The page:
You can eat apricots with diabetes safely provided you only have small amounts at once. As a fruit, apricots are a significant source of carbohydrates which contribute to blood sugar (or glucose) levels. But as long as intake is kept low, effects on blood sugar metabolism are minimal and not likely to affect the diabetic patient in the long run. Serving size is best determined based on the diabetic patient’s individual nutritional requirements and the restrictions of their condition. Ideally, the fruit should be eaten whole, pulp and skin, because the skin provides dietary fiber with hypoglycemic effects.
Overall, apricots and diabetes are a relatively good pair and the fresh fruit a good addition to a diabetic diet in limited amounts. Dried apricots and apricot juice, on the other hand, are too high in carbohydrates, most of which are simple sugars, and raise blood sugar levels too fast too much. But the effects of fresh apricots on blood sugar metabolism are minimal compared to those of the juice and dried fruit, hence the preference for the fresh fruit if you have diabetes (in limited amounts, of course).
How much sugar is in apricots?
Sugar content may differ depending on variety, degree of ripeness and other factors. On average, 100 g of fresh apricots has 11 g of carbohydrates of which 9 g simple sugars and 2 g indigestible dietary fiber. 1 apricot with an estimated weight of 35 g provides 3.9 g of carbohydrates of which 3.2 g simple sugars and 0.7 g dietary fiber. 1 cup of apricot halves with an estimated weight of 155 g provides 17.2 g of carbohydrates of which 14.3 g simple sugars and 3 g dietary fiber.
Assuming a person has 2 to 4 small apricots, then they would be getting around 7.8 to 15.6 g of carbohydrates of which 6.4 to 12.8 g sugar (about as much as if they were eating 50 to 100 g of sweet cherries). It’s not an excessive amount at all and one not likely to cause extreme fluctuations in blood sugar levels, even with diabetes. The extent to which apricots affect blood sugar metabolism can be predicted using the glycemic index and glycemic load scales.
Apricots glycemic index and load
The glycemic index (GI) measures how fast the carbohydrates in a plant food raise blood sugar levels. Below 55 is a low GI. Between 55 and 69 is a moderate GI. Between 70-100 is a high GI.
Apricots glycemic index is a little over 30, which makes them low on the GI scale, which is good.
The glycemic load (GL) measures how fast the carbohydrates in a serving of plant food raise blood sugar levels. Below 10 is a low GL. Between 11-19 is a moderate GL. Over 20 is a high GL.
Apricots glycemic load is 3 (low), which is also good news if you have diabetes.
Apricots and blood sugar effects
What the low glycemic index (around 30) and glycemic load (3) mean is that eating apricots in moderation doesn’t raise blood sugar levels excessively. The key to enjoying the fruit and its benefits, even with diabetes, is to limit intake to small servings, preferably one serving a day. To further reduce effects on blood sugar, you can spread your serving over the course of an entire day. For example, eat a small apricot after lunch and another one after a midday snack – if you can eat two, that is.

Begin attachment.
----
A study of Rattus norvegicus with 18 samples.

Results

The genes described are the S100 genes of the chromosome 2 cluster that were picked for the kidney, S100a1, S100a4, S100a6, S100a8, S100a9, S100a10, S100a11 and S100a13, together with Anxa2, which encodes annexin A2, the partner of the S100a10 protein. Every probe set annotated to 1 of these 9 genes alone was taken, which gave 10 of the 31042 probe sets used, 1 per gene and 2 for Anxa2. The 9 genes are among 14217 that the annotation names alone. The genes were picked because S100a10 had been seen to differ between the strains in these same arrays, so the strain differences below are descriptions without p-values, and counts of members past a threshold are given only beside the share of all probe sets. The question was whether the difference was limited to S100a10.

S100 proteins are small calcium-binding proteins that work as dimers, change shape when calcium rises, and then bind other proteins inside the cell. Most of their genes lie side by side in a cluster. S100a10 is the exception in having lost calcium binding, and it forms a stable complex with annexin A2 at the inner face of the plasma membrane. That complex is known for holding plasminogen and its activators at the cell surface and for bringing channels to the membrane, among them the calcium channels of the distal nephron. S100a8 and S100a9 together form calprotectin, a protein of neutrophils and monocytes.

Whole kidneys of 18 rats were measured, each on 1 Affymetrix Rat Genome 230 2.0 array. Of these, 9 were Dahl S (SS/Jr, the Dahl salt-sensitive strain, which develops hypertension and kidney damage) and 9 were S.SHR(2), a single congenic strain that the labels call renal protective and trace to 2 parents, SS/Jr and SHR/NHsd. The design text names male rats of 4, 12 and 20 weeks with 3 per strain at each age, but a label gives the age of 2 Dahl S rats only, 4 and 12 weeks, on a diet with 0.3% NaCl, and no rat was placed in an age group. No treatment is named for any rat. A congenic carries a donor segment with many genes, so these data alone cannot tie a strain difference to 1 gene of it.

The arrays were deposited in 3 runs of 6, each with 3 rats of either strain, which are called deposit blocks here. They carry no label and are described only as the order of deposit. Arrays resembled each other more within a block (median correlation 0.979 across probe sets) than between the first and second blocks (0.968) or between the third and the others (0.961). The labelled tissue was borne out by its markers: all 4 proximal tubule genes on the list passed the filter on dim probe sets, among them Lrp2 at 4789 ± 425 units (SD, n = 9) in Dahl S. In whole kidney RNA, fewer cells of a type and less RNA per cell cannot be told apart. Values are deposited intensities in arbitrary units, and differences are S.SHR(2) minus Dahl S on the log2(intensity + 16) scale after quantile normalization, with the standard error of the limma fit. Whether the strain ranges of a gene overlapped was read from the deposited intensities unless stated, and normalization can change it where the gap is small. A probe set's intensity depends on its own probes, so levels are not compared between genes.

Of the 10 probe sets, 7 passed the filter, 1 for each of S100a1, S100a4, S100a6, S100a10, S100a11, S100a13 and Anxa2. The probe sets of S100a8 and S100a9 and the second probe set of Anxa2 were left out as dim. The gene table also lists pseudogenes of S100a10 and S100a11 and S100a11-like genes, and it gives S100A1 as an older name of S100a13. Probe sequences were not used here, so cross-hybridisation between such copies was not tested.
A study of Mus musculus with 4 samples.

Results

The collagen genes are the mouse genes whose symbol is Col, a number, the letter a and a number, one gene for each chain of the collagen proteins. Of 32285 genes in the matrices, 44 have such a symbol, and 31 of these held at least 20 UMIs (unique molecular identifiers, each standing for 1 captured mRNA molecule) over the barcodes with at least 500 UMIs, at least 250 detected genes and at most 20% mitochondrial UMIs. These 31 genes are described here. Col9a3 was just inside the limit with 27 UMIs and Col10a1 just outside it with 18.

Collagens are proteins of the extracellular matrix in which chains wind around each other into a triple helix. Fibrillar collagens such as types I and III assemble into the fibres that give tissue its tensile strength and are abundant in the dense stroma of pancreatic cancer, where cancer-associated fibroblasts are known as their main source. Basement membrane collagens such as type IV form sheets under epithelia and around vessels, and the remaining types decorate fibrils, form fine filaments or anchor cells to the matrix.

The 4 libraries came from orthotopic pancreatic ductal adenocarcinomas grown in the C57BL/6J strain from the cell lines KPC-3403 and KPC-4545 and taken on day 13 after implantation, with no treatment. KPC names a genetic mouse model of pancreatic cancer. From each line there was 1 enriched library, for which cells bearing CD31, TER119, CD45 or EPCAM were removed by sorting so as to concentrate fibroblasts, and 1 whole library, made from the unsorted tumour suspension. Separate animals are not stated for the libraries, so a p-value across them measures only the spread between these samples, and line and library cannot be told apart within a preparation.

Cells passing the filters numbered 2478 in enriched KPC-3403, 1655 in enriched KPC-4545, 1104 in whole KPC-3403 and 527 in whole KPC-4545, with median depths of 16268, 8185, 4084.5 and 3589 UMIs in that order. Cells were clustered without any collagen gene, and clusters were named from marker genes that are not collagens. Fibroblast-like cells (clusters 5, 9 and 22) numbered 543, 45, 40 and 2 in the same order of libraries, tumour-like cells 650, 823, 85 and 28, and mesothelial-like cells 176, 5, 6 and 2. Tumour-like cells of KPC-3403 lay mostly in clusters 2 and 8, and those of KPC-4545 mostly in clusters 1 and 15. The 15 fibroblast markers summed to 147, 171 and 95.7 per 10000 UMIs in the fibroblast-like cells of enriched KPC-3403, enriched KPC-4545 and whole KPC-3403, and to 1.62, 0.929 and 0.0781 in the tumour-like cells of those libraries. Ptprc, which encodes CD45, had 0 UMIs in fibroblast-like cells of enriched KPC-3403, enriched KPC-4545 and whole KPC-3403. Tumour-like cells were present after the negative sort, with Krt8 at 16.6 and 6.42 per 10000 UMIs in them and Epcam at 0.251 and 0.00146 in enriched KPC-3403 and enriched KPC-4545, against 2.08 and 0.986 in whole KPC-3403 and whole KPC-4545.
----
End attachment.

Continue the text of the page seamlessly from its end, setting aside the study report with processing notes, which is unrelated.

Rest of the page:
It’s also best to have your fruit after a meal, not before. And because carbohydrates are limited in a diabetic diet, plan your meals ahead for when you want to eat fruit. Calculate how much carbs you’ll be getting in a serving of fruit and eat less carbs and more protein in the meal preceding the fruit snack. It’s best to eat apricots with skin because that’s where most of the fiber in the fruit is. And fiber is good for diabetes because it slows down the rate of sugar absorption into the bloodstream, reducing the glycemic effects of the fruit.
It helps to get some fat from walnuts, peanut butter, yogurt, cheese or similar foods to help your body absorb and use the vitamin A from apricots (which comes from orange-colored carotenoid antioxidants). Vitamin A is important for healthy eyesight, skin and a strong immune system, all of which are typically affected with diabetes. Exercising after having fruit helps improve glycemic response and insulin control.
How many apricots can diabetics eat a day?
Amounts of the likes of 100-150 g of the fresh fruit or 3-4 small apricots at 35 g each can be well tolerated by many diabetics. However, all diabetic patients should adapt their intake of the fresh fruit to their individual nutritional requirements. This may mean that some diabetics can eat only 1 small apricot, others may tolerate 2 or more. There is not right answer, no universal solution that works for everyone – each person is different and so is their tolerance to certain foods.
See your doctor or a nutrition expert and get a personalized eating plan that includes recommendations for a maximum intake of carbohydrates per day and per meal. Based on this, you can determine your ideal serving size of apricots and other fruits so that you don’t exceed your recommended intakes and prevent fluctuations in blood sugar levels.